While running this morning the sky over the water was the typical pallete of gorgeous summer color. The bay met the sky on the horizon and glittered blue and beautiful. I thought I am lucky to be here and indeed I was. As I plodded happily into mile four, I looked to the water again and saw cast against it on the shore a blue jay. Suddenly the water was no less stunning but less blue – it was gunmetal, or steel, still shimmering but not quite what I thought. I realized how much I wasn’t seeing. I didn’t feel guilty for having enjoyed my limited perception, but was glad that I was now seeing more.
In this month’s Atlantic there is a short piece reflecting on a decidedly first world problem: the light cast by American streetlamps. Having lived in both city and country, I have probably given more thought to light pollution than most people, and I have reflected before on how the ubiquity of light might actually prevent us from seeing. I could have sworn that the following was written on this blog, but it was actually written during one of my previous incarnations as a writer.
I am always astonished when I can see the stars in the city. But often I can, and I cherish those moments and love to gaze up even though I must look like a crazy person. A few months ago when I was home, at my parents’ house in the country, I instinctively looked up when standing in the driveway, and I realized “oh. There are a lot more stars than I am used to seeing.” I felt a little foolish, thinking that the few brightest bits of light I could see from the top of the hill every night were all that were out there.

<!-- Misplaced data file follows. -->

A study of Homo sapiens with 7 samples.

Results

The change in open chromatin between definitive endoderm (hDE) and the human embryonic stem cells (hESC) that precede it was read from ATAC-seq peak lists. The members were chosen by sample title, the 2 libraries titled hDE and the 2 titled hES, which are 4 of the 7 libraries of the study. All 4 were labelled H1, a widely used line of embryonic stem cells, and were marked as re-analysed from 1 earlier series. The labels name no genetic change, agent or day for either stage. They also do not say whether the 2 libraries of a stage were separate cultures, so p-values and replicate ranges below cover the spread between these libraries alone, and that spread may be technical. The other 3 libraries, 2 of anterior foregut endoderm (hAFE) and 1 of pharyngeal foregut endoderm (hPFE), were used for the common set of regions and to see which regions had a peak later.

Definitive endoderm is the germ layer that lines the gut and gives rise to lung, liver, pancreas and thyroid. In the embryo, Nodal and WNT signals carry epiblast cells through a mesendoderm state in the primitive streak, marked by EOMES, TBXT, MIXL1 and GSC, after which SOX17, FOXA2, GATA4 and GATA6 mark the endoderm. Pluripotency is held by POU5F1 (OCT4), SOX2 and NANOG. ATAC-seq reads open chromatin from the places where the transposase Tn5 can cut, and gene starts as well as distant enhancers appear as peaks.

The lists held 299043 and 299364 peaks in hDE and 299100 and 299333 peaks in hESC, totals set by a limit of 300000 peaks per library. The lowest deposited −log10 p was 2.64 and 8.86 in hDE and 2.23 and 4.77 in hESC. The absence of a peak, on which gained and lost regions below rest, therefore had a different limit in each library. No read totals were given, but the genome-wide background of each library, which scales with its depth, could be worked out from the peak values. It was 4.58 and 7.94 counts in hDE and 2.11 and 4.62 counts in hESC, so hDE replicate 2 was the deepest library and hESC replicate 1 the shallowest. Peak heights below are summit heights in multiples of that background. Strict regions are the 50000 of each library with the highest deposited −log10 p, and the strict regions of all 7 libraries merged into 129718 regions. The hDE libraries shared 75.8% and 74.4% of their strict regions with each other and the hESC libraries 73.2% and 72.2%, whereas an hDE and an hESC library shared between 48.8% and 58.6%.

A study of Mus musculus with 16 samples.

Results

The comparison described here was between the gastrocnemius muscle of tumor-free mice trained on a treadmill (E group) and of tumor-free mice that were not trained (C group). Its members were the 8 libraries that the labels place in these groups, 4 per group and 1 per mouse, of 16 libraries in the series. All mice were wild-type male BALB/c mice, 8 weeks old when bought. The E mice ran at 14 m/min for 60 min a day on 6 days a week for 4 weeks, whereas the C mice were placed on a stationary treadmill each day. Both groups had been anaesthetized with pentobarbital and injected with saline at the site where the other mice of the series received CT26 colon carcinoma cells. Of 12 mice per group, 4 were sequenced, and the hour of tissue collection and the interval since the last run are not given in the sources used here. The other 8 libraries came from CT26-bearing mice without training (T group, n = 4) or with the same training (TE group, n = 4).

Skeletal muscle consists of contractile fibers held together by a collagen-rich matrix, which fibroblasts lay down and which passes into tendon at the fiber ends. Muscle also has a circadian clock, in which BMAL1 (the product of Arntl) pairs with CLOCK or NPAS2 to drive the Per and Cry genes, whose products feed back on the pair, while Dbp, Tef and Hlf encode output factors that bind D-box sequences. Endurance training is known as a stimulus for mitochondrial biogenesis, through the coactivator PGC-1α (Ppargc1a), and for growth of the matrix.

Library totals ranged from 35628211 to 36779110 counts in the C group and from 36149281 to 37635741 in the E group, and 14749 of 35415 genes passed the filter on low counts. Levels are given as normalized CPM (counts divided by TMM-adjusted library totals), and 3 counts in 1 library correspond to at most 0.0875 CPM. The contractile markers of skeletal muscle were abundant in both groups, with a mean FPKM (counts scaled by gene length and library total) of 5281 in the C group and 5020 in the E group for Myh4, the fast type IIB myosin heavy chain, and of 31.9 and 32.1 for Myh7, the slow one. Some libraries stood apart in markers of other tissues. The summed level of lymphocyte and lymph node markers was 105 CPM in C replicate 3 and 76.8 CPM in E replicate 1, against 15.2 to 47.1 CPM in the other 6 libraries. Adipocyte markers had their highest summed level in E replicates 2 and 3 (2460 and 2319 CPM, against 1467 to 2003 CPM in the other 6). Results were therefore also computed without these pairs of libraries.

Last night the sky bewitched me again, and I admired the moon hanging over the monument, and then followed the line of soft, deep pink clouds that I could see moving with the crisp night wind. I saw Orion’s Belt, and a few other constellations that pop from the heavens against all adversity. As stood in the cold I reminded myself that I could only see a fraction of the brilliance of the universe.
And then I realized I was standing directly underneath a streetlight.
What beauty hides in the darkness? What streetlamps and flashlights do we use in desperate attempts to illuminate our lives? And what do we miss when we try to manipulate what God has given us? How brave we must be to extinguish the candles, to switch off the lamps, and trust that inside the darkness there is a beauty and a life that is most glorious, because it is God’s truest creation.
What myriad miracles wait inside my deepest darkness?
– March 5, 2007
As a lover of all things space-related, and as a proverbial stargazer, I am always astonished when I look up, wherever I am, and realize how long it’s been since I have done it. It’s not a part of my daily life. Granted, my daily life is mostly lived in places that blot out the stars, which I think is why I’m not in the habit of looking.
As always, your words provide me with needed perspective. Beauty lurks in the unknown, and so to fear it is foolish. Thank you.